The topic of an unreached people group (UPG) has become a central talking point in mission circles in the last few decades. The term has been a healthy contribution to defining the task and tracking the progress of the Great Commission. For many, there still needs to be more clarity about its definition, its purpose, and our responsibility.
People groups are ethnolinguistic groups that share a common language and cultural identity. For strategic purposes, a people group is the largest group within which the gospel can spread without encountering barriers of understanding or acceptance. Individual groups decide how they identify. A people group sees those as part of the people group as “we” or “us” and those on the outside as “they” or “them.” It’s not the outsider that decides the grouping. The group defines itself, but the outsider can observer how they identify and label them as a unique people group.
An unreached people group (UPG) is a people group among which there is no indigenous community of believing Christians with adequate numbers and resources to evangelize this people group without outside assistance. Various percentages have been attached to this idea in the past forty years. The majority consensus has been an unreached people group is less than two percent evangelical and less than five percent Christian adherent. There are an estimated 7,000 UPGs in the world, representing over 42% of the world’s population.
The thought around UPGs serves the church and the mission of God. Nearly fifty years ago, almost every geopolitical nation had a church. Yet, if one looked at the world in terms of people groups rather than modern nations, “some 2.3 Billion people and their succeeding generations would remain unevangelized if the extremely difficult task of cross-cultural evangelism did not become the church’s highest priority.”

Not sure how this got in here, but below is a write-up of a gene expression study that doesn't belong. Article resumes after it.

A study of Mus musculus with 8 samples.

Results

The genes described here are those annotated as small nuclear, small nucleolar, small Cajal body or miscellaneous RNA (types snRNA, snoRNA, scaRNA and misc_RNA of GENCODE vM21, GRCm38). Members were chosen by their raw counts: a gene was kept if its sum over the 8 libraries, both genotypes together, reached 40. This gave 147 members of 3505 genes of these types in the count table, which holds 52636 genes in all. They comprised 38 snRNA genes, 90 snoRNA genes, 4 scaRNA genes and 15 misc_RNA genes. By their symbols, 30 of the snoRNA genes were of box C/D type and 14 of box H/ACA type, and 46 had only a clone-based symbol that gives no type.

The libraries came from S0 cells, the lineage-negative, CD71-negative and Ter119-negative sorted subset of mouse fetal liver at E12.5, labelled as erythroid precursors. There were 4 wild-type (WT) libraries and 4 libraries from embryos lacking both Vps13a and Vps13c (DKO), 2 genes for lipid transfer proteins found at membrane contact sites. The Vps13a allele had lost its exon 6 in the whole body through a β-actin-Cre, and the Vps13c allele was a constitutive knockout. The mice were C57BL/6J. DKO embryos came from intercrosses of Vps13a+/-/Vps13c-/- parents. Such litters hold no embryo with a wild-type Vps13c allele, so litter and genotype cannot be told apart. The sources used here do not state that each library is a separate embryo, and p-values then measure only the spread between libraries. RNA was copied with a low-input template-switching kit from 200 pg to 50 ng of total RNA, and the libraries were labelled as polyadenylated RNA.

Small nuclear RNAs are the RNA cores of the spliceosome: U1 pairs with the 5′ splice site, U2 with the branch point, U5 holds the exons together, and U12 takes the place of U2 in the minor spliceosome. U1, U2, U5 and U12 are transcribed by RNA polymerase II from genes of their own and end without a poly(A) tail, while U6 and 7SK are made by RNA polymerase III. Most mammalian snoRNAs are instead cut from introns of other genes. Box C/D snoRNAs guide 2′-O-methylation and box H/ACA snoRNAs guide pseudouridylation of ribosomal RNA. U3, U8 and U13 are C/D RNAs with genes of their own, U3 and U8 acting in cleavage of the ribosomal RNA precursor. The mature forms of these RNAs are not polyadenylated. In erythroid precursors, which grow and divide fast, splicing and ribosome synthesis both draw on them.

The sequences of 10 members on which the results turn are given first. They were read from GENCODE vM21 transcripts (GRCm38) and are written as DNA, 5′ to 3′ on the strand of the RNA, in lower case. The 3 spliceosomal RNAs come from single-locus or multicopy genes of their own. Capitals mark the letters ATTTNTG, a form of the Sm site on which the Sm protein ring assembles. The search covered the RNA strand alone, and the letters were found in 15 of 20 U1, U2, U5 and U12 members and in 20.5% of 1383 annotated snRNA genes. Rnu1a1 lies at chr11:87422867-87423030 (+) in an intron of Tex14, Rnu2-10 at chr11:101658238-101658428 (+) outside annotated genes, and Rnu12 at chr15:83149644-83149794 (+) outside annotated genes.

People group thought helps the church identify and clarify who the gospel has not touched or where there are not enough believers and resources for the people group to evangelize their own without outside assistance. When there is clarity on need, it helps bring focus to prayer, engagement, and resource allocation.
Dr. Ralph Winter was an early advocate of unreached people groups. Winter initially referred to these people groups as “hidden peoples.” Hidden peoples is an excellent word image for diverse sociocultural countries like India and Nigeria. Still, even in the diaspora of North America, there are many unreached people groups hidden in plain sight.
This move toward people groups for Winter was more than just a sociological exercise. Matthew 28:18-20, along with Matthew 24:14, were guiding influences for Winter. Specifically, three Greek words, “Panta te ethne,” commonly translated as “all the nations.” Winter wrote,
“By the phrase “all the nations,” Jesus was not referring at all to countries or nation-states. The wording he chose (the Greek word ethne) instead points to the ethnicities, the languages, and the extended families which constitute the peoples of the earth.”
Dr. Winter helped move mission strategy from geopolitical boundaries to distinct people groups. God is inviting the church to rediscover her call to witness to and bless the nations. God’s heart from Genesis to Revelation is to gather a people to Himself from every nation, tribe, people, and language. This end-vision is accomplished in Revelation 7:9. If a church should give her time, talent, and treasure to anything, it should be to that end. The question isn’t if it will happen but whether you play a part. Regardless of your role, it is essential to remember that every person deserves to hear the good news of Jesus Christ.